The primary purpose of this book is to prepare the ground for coordinated efforts aiming to answer the question: where and when life originated. The appearance of life involves three successive stages: i) the formation of chemical elements and their combination to simple molecules, which is the concern of physicists; ii) the evolution of organized complexity in biomolecules and their reactions, which falls within the field of chemistry; iii) the onset of Darwinian evolution after the appearance of the first cell-like structure, which is studied by biologists. This book focuses on the first two steps of this process with chapters exploring topics such as chemical element abundances; galaxies, galactic magnetic fields and cosmic rays; galactic chemical evolution.
- Contains extensive lists of references and additional reading.
- Includes new hypotheses concerning the origin of life.
- Combines considerations from nuclear physics, astrophysics, astro- and geochemistry.
Despite its interdisciplinary nature, this book remains accessible to nonexperts, and would be a valuable companion for both experts and laypeople.
1. Chemical Elements Abundances
2. Galaxies, Galactic Magnetic Fields and Cosmic Rays
3. Galactic Chemical Evolution
4. Living Matter
5. Time and Place of the Origin of Life
6. Multiverse Cosmological Models and Anthropic Principle
7. Open Problems · Laboratory Experiments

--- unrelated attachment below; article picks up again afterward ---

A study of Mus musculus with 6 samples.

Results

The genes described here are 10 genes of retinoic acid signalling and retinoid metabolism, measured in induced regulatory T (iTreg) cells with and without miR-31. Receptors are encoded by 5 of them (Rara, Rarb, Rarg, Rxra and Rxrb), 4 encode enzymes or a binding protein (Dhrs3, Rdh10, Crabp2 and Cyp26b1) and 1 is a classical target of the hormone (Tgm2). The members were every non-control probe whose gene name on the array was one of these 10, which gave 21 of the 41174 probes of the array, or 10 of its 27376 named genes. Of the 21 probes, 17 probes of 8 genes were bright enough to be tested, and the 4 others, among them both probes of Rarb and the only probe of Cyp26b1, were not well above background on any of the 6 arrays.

Dr Vladivoj (Vlado) Valkovic, a retired professor of physics, is a fellow of the American Physical Society and Institute of Physics (London). He has authored 22 books (from Trace Elements (Taylor & Francis, Ltd., 1975) to Radioactivity in the Environment (Elsevier, 1st Edition 2001, 2nd Edition, 2019)) and more than 400 scientific and technical papers in the research areas of nuclear physics and applications of nuclear techniques to trace element analysis in biology, medicine and environmental research. He has lifelong experience in the study of nuclear reactions induced by 14 MeV neutrons. This research has been done through coordination and works on many national and international projects, including US–Croatia bilateral, NATO, IAEA, EU-FP5, EU-FP6 and EU-FP7 projects. He had worked as a professor of physics at Rice University, Houston, Texas; as a Head of Physics-Chemistry-Instrumentation Laboratory at IAEA, Vienna, Austria; and as Laboratory head and scientific advisor at the Ruder Boškovic Institute, Zagreb, Croatia.